Carolina Wrens are the most persnickety and opinionated birds I have come to know. There are two couples who live here with me and do they ever have a lot to complain about. And they are always up in my business when I am outside; assessing what I am doing and how long it will take and if I am too close to where they want to perch. Even when they are eating the suet I provide to them and my other feathered neighbors, they argue with me with their mouths full. The chickadees don’t mind if I watch them eat but the Carolina wrens sure do.
In mid-March when one of the couples decided to make their new nest in my kitchen vent and I was having none of that, we argued for days. I would turn on the fan to prove to them that the location they wanted would be too noisy and breezy. They would fly out of the vent and sit at the window glaring at me. It felt eerie that they knew I was the cause of the loud windy problem and that they knew where to look for me. They would keep putting materials in the vent while I went outside to chide them, and I would take the materials out while they yelled at me. Well finally I evicted them by closing the vent, stating that they had many other perfectly good locations but that the vent was not one of them. After quite the disgruntled display – they knew I was the cause of their sorrow – they did choose another location – one I haven’t found yet. I almost miss the annoying yet somewhat endearing interaction. Almost. I am sure when I get too close to their nest, wherever it is in the yard, I will be scolded. Last year, when their nest box fell out of the lilac tree during a snowstorm and I put it back, they still yelled at me. As if I knocked their house out of the tree instead of the wind. I did really appreciate them living in the lilac bush though. Because even though I got admonished while I was putting up my laundry – which is right next to the lilac bush – if I lingered long enough and still enough, the male would start to sing, and I knew all was well in their world. That is until a predator got to their nestlings. We were all upset about that, and we – the wrens and I – mourned over the loss of the next generation. I think that is why it felt so hard to evict them this year from their very safe choice in housing. But I just couldn’t have them in the kitchen vent. The phoebes take the rafters in the carport and the house finches take the ledge next to the studio door and the starling couple takes the highest peak on the studio but there are still lots of options if they do want to stay close to the house for protection.
The Carolina wren (Thryothorus ludovicianus) in Troglodytidae is a compact native songbird (order Passeriformes) with a tail that tends to stick up like they are giving you the middle finger when showing you their rump. There is no discernable sexual dimorphism. Both sexes have rusty-brown backs, light tan bellies, a white streak over their eyes, and black-banded wing and tail feathers. Carolina wrens mainly eat insects and spiders but sticking around in the winter, they also consume seeds from bayberry, sweetgum, and poison ivy. They will also eat berry pulp and suet. They have an argumentative scolding voice when they are – well – scolding you or some perceived or real predator. The male’s song is comprised of several short piercing whistling notes as if he were getting your attention to make an important public service announcement.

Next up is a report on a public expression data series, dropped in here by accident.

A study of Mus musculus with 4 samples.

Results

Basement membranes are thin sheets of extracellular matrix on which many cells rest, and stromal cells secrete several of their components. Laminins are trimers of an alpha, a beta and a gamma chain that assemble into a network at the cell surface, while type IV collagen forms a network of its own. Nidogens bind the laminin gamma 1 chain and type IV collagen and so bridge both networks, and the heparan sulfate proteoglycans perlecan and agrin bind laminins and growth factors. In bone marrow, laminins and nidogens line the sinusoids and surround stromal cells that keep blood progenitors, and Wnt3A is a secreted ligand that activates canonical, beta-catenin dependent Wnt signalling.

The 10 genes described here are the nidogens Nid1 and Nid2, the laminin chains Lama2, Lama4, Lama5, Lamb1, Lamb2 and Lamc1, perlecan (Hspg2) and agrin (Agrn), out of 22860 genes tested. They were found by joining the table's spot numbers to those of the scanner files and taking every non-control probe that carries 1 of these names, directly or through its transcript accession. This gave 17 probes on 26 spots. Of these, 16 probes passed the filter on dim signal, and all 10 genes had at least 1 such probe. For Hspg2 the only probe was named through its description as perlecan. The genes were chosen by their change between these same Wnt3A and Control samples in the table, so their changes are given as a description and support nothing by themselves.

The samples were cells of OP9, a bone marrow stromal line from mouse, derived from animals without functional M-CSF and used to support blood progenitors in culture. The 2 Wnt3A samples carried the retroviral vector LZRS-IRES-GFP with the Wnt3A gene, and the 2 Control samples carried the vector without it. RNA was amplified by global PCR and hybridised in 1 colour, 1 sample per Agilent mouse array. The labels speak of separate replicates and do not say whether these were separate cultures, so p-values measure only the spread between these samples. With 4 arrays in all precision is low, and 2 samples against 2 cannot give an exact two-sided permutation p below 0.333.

Now, if you don’t mind being scolded at and can hold your own in an inter-species disagreement, Carolina wrens are quite charming to have as neighbors.
And speaking of Lilacs…
Did you know that lilac flowers are edible? Heralding from southeastern Europe to eastern Asia, lilac (Syringa spp) in Oleaceae, also known as the olive family, have made a good home here in New England. Lilacs make pleasant neighbors. They are not aggressive spreaders and tend to be quite content in one’s yard. And their scent is so sweet! I love sitting beneath them, looking up into the purple display of beauty, and communing with the hum of life around me. There is vibrant serenity about them. Branching is opposite and paired with heart-shaped leaves. The 4-petaled flowers bloom in May and are arranged in a long-bunched cluster along the stem. Colors range from shades of purple and burgundy to white and pink.
The flowers taste like they smell. You can toss them in raw with other flowers and spring greens to make a flower-power salad or infuse them with water for a refreshing festive drink or add as a decorative accent to a cake. You can make lilac syrup with water and sugar. Combine equal amounts of sugar and water and bring to a boil in a sauce pan while stirring until all the sugar has dissolved. Turn off the heat and add double the amount of lilac flowers and let steep for several hours. Using a sieve to strain the flowers, pour the cooled syrup into a glass jar with a lid. The syrup will keep a few days in the fridge. Lilac honey is simpler but will take longer. Just stuff flowers in a jar, cover completely with honey, and let sit for 2-4 weeks in a covered jar. The upshot is that you don’t need to strain out the flowers – you can eat them with the honey. And if you are very patient, you can make lilac mead by fermenting a concoction of water, honey, and the flowers! Mead can take a year or more to be ready and is best when you let it sit for several years. And if you’re into jelly, you can make lilac jelly too.
There are so many stories out here in the outside and sometimes you get to be a part of them, whether you are interacting with your feathered neighbors or harvesting some of your flowered ones. So, get outside and be a part of the commotion.
Arianna Alexsandra Collins, naturalist, poet, writer, wild edible enthusiast, and Wiccan High Priestess lives in Ashfield, MA.
This article appears in the May 2022 edition of The Ashfield News.